In a detailed comment in response to a GamaSutra with David Braben about the UK government’s U-turn on tax break for video games, Simple Life Forms’ creative guru Tadhg Kelly weighed in with some strong comments. I reproduce them here with permission.
I’m not sure that it’s to do with the way that the new government values the games industry per se, but rather the Conservative attitude to government help for industry in general. Politically, they’d actually rather get rid of or reduce the amount of subsidy that flows into the UK film industry, but can’t as that would lose a lot of support.
However they have effectively ended or closed a variety of regional media development efforts and several other so-called austerity measures. The games assistance should be viewed among the backdrop of all of that activity rather than be seen as a special victimisation.
All that being said, the case for tax help for games has never really been properly made and it was a contentious issue. While TIGA and the like argued that it was a natural right (if film had it, why not games) yet the effect of such schemes on other media like film is repeatedly shown to affect the kinds of projects that get greenlit and – ultimately – make those industries utterly dependent on funding and the politics of funding. This is not something that I think would be a positive for the British industry overall, as the spectre of cultural tests and the like are bad.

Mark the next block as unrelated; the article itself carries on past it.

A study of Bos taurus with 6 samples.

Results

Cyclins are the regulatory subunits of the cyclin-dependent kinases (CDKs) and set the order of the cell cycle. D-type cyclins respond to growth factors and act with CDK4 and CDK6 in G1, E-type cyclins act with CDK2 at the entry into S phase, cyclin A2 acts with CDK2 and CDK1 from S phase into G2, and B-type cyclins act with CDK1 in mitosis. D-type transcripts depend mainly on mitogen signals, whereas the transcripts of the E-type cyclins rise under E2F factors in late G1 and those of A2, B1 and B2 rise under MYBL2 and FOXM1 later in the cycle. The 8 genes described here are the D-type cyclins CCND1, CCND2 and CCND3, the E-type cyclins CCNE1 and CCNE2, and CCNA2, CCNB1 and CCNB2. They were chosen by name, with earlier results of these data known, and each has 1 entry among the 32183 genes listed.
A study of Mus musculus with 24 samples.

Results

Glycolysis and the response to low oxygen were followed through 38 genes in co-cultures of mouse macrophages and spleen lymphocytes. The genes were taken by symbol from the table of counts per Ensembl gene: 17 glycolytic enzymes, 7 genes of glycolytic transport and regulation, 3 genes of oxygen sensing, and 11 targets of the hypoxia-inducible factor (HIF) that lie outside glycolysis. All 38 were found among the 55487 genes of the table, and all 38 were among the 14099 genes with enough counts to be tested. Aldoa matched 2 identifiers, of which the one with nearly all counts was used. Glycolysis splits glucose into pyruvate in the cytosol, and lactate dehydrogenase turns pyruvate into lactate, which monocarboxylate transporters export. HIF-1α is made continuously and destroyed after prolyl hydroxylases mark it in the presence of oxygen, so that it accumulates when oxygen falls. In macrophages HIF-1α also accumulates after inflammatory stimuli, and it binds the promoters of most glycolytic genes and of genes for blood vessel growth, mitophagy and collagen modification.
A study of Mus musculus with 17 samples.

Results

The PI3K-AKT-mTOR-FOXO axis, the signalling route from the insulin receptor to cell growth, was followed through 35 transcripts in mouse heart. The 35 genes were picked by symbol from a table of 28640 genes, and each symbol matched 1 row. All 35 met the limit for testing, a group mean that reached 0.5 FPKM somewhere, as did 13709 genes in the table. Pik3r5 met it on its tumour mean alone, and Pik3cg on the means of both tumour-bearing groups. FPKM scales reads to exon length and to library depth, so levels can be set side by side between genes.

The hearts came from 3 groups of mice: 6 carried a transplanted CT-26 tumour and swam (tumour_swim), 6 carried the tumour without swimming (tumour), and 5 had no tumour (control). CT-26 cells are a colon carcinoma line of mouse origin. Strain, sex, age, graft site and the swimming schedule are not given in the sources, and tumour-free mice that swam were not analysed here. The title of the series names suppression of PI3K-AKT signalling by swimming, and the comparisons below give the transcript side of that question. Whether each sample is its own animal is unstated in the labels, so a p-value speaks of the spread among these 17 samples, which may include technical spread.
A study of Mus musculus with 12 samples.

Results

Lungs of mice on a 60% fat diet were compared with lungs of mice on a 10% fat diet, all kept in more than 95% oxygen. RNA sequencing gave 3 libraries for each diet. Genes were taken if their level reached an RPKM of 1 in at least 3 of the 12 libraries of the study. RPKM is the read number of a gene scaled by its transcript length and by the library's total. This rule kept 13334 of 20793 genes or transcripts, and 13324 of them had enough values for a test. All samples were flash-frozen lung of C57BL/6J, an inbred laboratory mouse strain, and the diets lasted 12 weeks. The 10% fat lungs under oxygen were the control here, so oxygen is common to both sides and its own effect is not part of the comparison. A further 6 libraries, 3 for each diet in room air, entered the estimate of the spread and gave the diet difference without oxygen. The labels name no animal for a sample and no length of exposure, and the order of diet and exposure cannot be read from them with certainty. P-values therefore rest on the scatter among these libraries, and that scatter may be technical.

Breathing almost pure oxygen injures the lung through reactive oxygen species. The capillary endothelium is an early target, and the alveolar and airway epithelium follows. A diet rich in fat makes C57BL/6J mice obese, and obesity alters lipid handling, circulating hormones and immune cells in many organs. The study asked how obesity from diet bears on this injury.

The reduction in corporate taxation from 28% to 24% is thus more significant because it provides substantial savings of a generalised nature. It’s not an ultimate panacea but it’s pretty good and could provide much breathing room for UK publishing in general.
Lastly, it could simply be the case that the UK economy is always going to be more conducive to smaller-scale indie development. With the advent of App Stores and social platforms, the cost of publishing neat game ideas is rapidly declining and there is an opportunity for motivated developers to basically reboot the UK industry as a next generation of what used to be called bedroom coding. To add tax breaks into that mix thus seems more of a ploy to prop up the existing mid-sized difficult-to-find-viability companies that have been waning all across the UK in the last few years. And is there really a compelling case for doing that?